I have a Java application that utilizes a lot of memory and consequently runs very slowly.  I found that there is a .ini file that I can use to configure the memory usage of the JVM but I don't know what these parameters mean or how to set them.  Can someone explain their meaning and what they do?  The application has both a 32-bit and a 64-bit version.

Here is the default config - which runs very slowly
-vmargs
-Xms40m
-Xmx500m
-XX:MaxPermSize=128m

I changed it to this and noticed an improvement, but I don't know if I did the right thing or not:
-vmargs
-Xms1024m
-Xmx1500m
-XX:MaxPermSize=512m

Can someone provide advice on how this should be configured?  I'm running WIndows 7 with 4GB of RAM.
Asked:
jbaird123
 
ChristoferDutzCommented:
-Xmx is the maximum heap assigned to the VM
-Xms is the minimum heap assigned to the VM
-XX:MaxPermSize: sets the amount of memory allowed to load class definitions and static variables

Simply increasing the memory is not allways a good thing. And when having a look at your configuration on a 32 Bit system you will get problems with your increased memory settings.
You set Xms to 1024m ... as soon as this is full and the maximum of 1500 is not reached, the VM tries to allocate a block of memory that is greater than 1024 (lets say 1100m) in order to copy everything from the old block to the new block. Unfortunately the VM would have more than 2GB allocated which is not possible on classic 32Bit Systems. So for this ... my tip ... setting Xmx and Xms to the same size is a good thing.

Now another tip to the larger amount of memory:
More memory means more cleaning up. If your application needs 250MB of ram but creates a lot of objects that are disposed relatively soon then the VM has to clean up all the rest which might make the System hang during Garbage collection runs.
Perhaps you should have a look at this ...
http://en.wikipedia.org/wiki/Java_performance#Virtual_machine_optimization_techniques

Also, are you sure the performance is related to memory only? In one of my projects I had the problem, that I did a lot of log4j logging. Under heavy load the access to the FileSystem was blocking my entire system. If you are using Windows Vista or Greater (Don't know which version of Windows Server has it) try the resource Monitor to have a look at your File IO. If this is high, you should have a look at what's causing the High IO and eventually solve the problem.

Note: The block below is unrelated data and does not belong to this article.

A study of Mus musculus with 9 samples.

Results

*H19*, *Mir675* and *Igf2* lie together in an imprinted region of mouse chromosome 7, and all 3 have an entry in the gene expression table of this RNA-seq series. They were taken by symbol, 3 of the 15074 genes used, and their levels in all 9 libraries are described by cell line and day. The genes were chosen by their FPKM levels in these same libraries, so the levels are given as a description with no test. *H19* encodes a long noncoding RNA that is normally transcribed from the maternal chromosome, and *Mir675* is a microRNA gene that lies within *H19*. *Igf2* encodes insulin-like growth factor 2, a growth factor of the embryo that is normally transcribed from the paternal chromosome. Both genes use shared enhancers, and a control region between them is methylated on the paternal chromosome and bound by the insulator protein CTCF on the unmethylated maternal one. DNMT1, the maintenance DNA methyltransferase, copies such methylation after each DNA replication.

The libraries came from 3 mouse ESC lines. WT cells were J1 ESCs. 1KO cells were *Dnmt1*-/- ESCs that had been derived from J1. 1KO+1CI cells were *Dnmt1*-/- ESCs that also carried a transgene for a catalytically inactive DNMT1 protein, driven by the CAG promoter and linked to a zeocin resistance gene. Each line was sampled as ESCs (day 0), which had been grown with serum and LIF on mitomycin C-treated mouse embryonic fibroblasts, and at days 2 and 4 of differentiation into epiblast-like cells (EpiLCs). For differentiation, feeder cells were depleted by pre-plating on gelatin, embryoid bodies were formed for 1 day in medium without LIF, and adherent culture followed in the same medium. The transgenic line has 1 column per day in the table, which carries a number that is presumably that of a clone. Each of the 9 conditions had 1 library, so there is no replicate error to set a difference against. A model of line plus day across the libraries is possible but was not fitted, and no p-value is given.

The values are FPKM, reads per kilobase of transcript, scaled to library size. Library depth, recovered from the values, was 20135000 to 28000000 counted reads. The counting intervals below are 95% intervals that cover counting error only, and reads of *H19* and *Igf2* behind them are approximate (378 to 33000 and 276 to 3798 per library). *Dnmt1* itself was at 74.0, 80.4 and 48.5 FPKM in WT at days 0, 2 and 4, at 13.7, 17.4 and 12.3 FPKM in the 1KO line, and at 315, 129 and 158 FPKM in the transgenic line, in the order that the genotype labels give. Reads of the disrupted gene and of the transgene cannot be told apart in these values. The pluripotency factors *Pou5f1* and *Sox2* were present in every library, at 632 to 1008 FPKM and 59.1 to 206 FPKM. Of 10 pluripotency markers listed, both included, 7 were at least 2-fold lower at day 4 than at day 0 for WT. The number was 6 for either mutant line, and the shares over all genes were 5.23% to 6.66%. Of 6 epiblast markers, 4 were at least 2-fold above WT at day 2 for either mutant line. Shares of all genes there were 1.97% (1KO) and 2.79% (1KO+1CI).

Hi.  I checked my File IO, and it does not seem to be unusually high.  CPU Usage always spikes to 100% when I'm having my issues.

I'm on a 64-bit machine, so I can go higher than 1024 if needed.  

It sounds from what you're saying above, I should normally try to set my Xms and Xmx parameters as low as possible in order to minimize the garbage collection load.  Is that correct?

Additionally, I have noticed that the biggest performance gain I have achieved was the result of changing this:  XX:MaxPermSize from 128 to 512.  What does that tell me?

Thanks!
No ... you shouldn't let the VM live with the minimum. That too is not very efficient, because then the Garbage collection will not have to do very much every time it starts it's work, but it will have to do it very often, which tool will slow down everything. In my Projects I usually have a look at how much memory the application needs (Have a look at the used memory after the garbage collection is finished and then add 1/3 of that Memory as space for young-generation objects (Objects that are created and displosed relatively quick).

To your observation about the MaxPermSize ... if you have an application with JSPs for example, then this space is filled up with the class-definition of the compiled JSP pages. Unfortunately the VM doesn't do Garbage collections in the PermSpace ... if it runs out though, it does start a garbage collection.

You could give the following parameters a try:

-XX:+CMSPermGenSweepingEnabled
-XX:+CMSClassUnloadingEnabled

The first turnes on the garbage collection in the perm gen space and it turns on the ability to unload classes that are no longer needed (As it happens with JSPs quite a lot)
Thanks again.  Are you saying that I should add those parameters in addition to what I already have like this?

-vmargs
-Xms1024m
-Xmx1500m
-XX:MaxPermSize=512m
-XX:+CMSPermGenSweepingEnabled
-XX:+CMSClassUnloadingEnabled

Or should it replace what I have like this:

-vmargs
-Xms1024m
-Xmx1500m
-XX:+CMSPermGenSweepingEnabled

And then try it this way:

-vmargs
-Xms1024m
-Xmx1500m
-XX:+CMSClassUnloadingEnabled

Thanks!
Nono ... add them to your configuration as they simply control additional aspects of the VM. I'd try the first option containing all 6 params even if the perm size looks pretty high ... I'd set that to 256m
It seems to be running fine!  Thank you!